The Federal Government on Tuesday announced that it would no longer get involved in fixing of price band for Premium Motor Spirit (PMS) popularly known as fuel.
It said that major and independent marketers are now free to fix the retail price of the Premium Motor Spirit.
The Executive Secretary of Petroleum Products Pricing Regulatory Agency (PPPRA), Abdulkadir Saidu stated during a press briefing in Abuja. He hinted that government would no longer be releasing guiding price bands for the sale of petrol at filing stations.
According to Saidu, the downstream arm of the oil and gas sector is thus fully deregulated with this development. Adding that price of petrol would be driven by the forces of demand and supply as well as the global price for crude oil.
This is believed to be a major step by the Federal Government towards achieving a fully deregulated downstream sector of the Nigerian oil and gas industry.
“This, however, must be in accordance with our code of conduct because as a regulator, it is our duty to protect the consumer and operators must abide by our codes,” Saidu stated.
This development is coming about 72 hours after Pipelines and Product Marketing Company (PPMC), a subsidiary of the Nigerian National Petroleum Corporation, (NNPC) increased pump price from N148 to N151.56.
However, public outcry and opposition had greeted the last fuel price increment by the government.
The Depot and Petroleum Products Marketers Association of Nigeria (DAPPMAN), had called on the government to take a further step towards full deregulation of the downstream sector. This it said would enhance economic growth and development of the nation.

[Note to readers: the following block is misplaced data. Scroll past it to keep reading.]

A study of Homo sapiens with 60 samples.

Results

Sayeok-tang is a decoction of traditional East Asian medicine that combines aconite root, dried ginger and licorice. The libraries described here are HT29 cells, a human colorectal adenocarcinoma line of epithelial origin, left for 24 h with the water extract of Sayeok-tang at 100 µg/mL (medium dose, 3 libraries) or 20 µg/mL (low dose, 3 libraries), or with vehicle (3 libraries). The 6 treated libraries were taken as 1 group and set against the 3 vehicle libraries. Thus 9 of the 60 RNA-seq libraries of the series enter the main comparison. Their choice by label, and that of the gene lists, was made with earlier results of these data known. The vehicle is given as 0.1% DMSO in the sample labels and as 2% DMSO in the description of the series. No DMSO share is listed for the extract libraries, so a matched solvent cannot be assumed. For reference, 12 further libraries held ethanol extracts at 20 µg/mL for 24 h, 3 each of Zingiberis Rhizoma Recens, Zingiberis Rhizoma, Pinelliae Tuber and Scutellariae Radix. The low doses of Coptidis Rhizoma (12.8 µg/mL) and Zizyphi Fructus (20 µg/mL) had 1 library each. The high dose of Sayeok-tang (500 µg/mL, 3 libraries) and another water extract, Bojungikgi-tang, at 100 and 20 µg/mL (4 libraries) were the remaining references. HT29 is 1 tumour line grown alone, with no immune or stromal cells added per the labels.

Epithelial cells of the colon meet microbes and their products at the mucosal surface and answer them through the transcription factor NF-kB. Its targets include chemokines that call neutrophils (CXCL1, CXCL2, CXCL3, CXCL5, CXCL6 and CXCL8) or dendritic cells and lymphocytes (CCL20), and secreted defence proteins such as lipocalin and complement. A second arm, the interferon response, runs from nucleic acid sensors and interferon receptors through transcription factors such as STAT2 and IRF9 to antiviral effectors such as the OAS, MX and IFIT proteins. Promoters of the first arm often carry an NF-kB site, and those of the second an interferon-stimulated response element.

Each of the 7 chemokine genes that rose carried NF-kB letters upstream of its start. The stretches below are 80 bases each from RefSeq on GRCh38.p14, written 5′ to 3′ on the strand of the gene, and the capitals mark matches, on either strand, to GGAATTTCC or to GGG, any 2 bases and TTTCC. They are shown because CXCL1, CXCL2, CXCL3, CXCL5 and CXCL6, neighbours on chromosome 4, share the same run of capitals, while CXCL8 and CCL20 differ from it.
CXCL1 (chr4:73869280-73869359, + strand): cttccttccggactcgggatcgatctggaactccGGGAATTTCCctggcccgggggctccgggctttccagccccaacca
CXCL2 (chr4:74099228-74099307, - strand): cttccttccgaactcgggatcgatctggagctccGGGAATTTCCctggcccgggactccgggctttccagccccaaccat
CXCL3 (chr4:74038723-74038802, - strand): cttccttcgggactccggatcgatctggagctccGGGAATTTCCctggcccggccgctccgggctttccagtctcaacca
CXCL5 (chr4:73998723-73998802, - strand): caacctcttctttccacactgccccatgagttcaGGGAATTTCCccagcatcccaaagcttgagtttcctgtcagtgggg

DAPPMAN chairman, Mrs Winifred Akpani said “we believe that full deregulation of the sector remains the most viable option for Nigeria to effectively navigate this period and ultimately safeguard the future of our economy and wellbeing of 200 million Nigerians.”
According to Akpani, deregulation will open up the sector for fresh investments, market deepening, diversification, and expansion, culminating in stable demand and supply regimes which are critical to ensuring that consumers have uninterrupted access to affordable quality products without the huge financial burden currently borne by the government.
However, we believe these considerations will be duly addressed with a deregulation regime that guarantees long-term benefits and empowers the government to commit savings made in the process to infrastructure development, job creation, agricultural revolution, education and health.
“This will spur growth of Small and Medium scale Enterprises (SMEs) as well as large corporate, that would increase Nigeria’s human capacity index, competitiveness and ultimately drive inflow of foreign investments,” she added.
Trade Union Congress of Nigeria (TUC) in a statement titled, ‘Killing the dead,’ and signed by its president, Quadri Olaleye, and the Secretary-General, Musa-Lawal Ozigi, condemned the increase in petrol price and electricity tariff in the country saying: “Like the book by George Orwell, titled ‘1884’, the government and its agencies have resorted to doing the opposite of what they were set up to do.”
The labor union stated that increasing petrol prices and electricity tariffs, among others, “at a time people are losing jobs, businesses are not moving in the light of COVID-19, is, to say the least, wicked.
“Government, instead of providing welfare, is killing the people systematically.
“Do we still wonder why unemployment and insecurity have increased? This is disgustingly shameful. We urge the government to listen to the voice of reason and reverse the [petrol] price immediately.
“Stop pushing Nigerians to the wall. This is too daring. The congress is calling a meeting of its organs to take decisions on this obnoxious move. The dead are dying again; stop killing the dead!”
Meawhile, Atiku Abubakar, a former Vice President wondered why the government increased the pump price when it claimed to have deregulated the downstream sector.
“I am a businessman. I look at things from an economic perspective. Questions beg answers. The price of crude is down from where it was in 2019. In the US and Europe, fuel prices are far lower than they were in 2019. If we truly deregulated, shouldn’t fuel price have dropped?, his tweet read.
“The price cap per litre in respect of Premium Motor Spirit (PMS) is removed from the commencement of these Regulations. From the commencement of these Regulations, a market-based pricing regime for PMS shall take effect,” he said.